Make sure you’re sitting comfortable, take a deep breath, and let us guide you through these early days of pregnancy.
Five things to get your pregnancy off to the best start
1. Calculate your due date
📅 Calculate your due date
If your cycle is shorter or longer than 28 days, please adjust the number above.
2. Contact your GP
This will be the first appointment that kicks off your pregnancy care (antenatal care). Your GP will let the midwifery team know you are pregnant and they will give you a date for your booking appointment, which usually happens around week 8 to 10 of your pregnancy. You may also be able to self-refer or see a midwife straight away, but your GP can let you know how this works in your area.
3. Check how healthy you are
4. Be good to yourself and you’ll be good to baby
- Stub it out: If you smoke, now’s the time to quit. Get help to stop smoking here.
- Say bye bye to booze (sorry guys): Drinking alcohol can harm your baby’s development and avoiding alcohol completely during pregnancy is the only way to be sure baby is safe. Find out how your midwife can support you to stop drinking here.
- Take a break: pregnancy hormones can make you tired and more stressed so it’s important to take time to yourself to relax. See our tips for winding down here.
- Keep on moving: exercise in pregnancy is great for you and your baby but it doesn’t mean you have to join the gym. A daily walk with a friend or the dog can be a great way to stay active in pregnancy. Download our pregnancy exercise plan here.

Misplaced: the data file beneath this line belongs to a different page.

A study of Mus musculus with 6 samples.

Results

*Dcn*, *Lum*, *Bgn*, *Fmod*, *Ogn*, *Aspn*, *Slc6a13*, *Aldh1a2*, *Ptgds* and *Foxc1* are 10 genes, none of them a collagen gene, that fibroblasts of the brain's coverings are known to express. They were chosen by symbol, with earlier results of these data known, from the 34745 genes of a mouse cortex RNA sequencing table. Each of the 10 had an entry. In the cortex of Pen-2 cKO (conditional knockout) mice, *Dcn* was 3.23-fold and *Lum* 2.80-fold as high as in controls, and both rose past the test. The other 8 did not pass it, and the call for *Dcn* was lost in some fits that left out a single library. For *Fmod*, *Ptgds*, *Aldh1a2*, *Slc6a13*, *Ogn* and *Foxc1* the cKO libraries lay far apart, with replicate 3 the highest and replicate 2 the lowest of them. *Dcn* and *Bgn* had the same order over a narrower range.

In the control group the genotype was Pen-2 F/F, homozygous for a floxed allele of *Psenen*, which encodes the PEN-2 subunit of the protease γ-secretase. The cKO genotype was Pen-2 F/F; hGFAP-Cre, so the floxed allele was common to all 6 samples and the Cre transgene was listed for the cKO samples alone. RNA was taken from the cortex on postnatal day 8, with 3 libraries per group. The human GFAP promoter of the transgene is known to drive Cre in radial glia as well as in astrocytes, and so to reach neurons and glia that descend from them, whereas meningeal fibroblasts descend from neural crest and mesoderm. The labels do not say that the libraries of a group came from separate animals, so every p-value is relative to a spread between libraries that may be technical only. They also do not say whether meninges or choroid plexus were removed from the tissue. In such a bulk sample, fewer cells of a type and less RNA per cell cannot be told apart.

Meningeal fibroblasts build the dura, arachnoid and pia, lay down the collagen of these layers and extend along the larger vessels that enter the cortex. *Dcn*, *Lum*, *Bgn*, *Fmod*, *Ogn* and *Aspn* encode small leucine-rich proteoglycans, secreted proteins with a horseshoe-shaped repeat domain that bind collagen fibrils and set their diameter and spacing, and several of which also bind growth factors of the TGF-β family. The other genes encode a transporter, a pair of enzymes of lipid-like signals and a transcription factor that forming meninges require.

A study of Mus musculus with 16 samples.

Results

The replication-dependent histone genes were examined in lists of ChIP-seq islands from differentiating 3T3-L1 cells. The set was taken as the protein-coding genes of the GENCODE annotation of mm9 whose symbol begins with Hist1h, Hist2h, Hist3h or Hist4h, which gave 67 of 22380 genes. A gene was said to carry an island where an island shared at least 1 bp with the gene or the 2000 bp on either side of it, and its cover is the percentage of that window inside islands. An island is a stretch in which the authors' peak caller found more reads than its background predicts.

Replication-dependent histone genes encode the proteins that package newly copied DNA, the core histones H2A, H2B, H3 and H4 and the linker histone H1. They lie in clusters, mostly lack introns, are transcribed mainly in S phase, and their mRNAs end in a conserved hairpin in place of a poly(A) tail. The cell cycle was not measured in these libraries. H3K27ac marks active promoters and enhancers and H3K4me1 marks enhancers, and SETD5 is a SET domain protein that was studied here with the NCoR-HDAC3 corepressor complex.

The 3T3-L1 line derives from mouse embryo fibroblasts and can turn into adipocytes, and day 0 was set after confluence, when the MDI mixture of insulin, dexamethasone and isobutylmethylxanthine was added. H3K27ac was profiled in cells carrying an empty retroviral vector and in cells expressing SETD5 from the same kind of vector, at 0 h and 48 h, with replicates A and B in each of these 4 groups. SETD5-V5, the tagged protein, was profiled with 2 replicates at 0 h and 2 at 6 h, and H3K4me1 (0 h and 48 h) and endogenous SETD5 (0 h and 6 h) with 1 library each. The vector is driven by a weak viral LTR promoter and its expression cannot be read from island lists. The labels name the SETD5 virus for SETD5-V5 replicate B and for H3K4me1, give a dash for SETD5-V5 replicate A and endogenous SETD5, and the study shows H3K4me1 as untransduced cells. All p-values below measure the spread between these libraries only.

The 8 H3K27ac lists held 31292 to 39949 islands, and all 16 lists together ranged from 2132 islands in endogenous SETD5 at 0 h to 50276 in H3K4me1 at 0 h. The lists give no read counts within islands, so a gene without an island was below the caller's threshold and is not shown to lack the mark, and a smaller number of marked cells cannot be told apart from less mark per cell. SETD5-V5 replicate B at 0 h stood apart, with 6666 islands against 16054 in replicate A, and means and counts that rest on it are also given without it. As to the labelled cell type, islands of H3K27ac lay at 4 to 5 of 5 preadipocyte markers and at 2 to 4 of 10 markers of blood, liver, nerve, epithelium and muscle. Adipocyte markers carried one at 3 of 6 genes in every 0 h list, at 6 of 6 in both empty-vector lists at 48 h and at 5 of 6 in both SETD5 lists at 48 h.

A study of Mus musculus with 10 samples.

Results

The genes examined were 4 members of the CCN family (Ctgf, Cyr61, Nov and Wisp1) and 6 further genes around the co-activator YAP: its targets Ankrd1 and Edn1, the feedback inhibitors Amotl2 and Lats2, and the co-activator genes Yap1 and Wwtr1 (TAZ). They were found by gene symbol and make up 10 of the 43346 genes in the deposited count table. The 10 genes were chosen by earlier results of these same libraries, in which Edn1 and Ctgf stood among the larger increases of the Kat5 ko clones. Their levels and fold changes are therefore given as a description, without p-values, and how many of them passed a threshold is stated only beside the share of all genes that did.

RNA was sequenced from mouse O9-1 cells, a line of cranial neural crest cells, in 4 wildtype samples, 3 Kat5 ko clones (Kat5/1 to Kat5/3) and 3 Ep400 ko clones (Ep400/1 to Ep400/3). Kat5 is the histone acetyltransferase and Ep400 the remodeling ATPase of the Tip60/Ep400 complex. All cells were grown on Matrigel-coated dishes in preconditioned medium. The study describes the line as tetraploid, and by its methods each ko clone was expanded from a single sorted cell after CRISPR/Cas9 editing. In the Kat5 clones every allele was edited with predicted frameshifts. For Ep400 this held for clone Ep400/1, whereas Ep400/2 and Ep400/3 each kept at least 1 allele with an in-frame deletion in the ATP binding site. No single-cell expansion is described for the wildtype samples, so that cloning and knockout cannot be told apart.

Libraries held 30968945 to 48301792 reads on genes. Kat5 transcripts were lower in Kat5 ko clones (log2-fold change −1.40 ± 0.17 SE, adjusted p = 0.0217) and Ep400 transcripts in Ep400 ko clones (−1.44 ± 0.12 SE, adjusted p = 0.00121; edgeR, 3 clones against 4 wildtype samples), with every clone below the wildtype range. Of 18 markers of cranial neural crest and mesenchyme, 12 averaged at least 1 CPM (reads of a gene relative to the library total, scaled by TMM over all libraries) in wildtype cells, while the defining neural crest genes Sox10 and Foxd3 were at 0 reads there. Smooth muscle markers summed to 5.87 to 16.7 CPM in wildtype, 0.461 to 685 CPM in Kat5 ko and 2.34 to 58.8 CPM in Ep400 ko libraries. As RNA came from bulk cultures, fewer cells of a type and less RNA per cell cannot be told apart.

- Get your vitamins: You don’t need to fork out for pregnancy vitamins but there are a few supplements that are essential in pregnancy. Find out which supplements you need to take here.
- Watch out for certain foods: It’s important to have a healthy and balanced diet in pregnancy and to try and avoid foods that are high in sugar, salt and fat. There are also some foods that are dangerous for your growing baby and should be avoided all together. Find out what they are here.
5. Your symptoms – what to expect
The first few weeks of pregnancy can be the toughest when it comes to feeling iffy. Tiredness, sore boobs and morning sickness are all common in the first few weeks of pregnancy. Find out how to cope with them here.
1. Hollis BW et al. (2011). “Vitamin D supplementation during pregnancy: Double-blind, randomized clinical trial of safety and effectiveness.” JBMR 2011;26:2341-2357
2. National Institute for Health and Care Excellence (2008) ‘Antenatal Care’, NICE Clinical Guidelines 62: http://publications.nice.org.uk/antenatal-care-cg62
3. Macdonald S, Magill-Cuerden J (2012) Mayes’ Midwifery, 14th edition, London, Ballière Tindall.
4. NHS Choices [accessed 12/11/2014] Alcohol in pregnancy http://www.nhs.uk/conditions/pregnancy-and-baby/pages/alcohol-medicines-drugs-pregnant.aspx
5. ROCG (2015) Alcohol and pregnancy, Information for you, Royal College of Obstetricians and Gynaecologists https://www.rcog.org.uk/globalassets/documents/patients/patient-information-leaflets/pregnancy/pi-alcohol-and-pregnancy.pdf
6. NHS choices [accessed 14/11/2015] Why should I avoid some foods during pregnancy? http://www.nhs.uk/chq/Pages/917.aspx?CategoryID=54Hide details
ℹLast reviewed on April 1st, 2015. Next review date April 1st, 2018.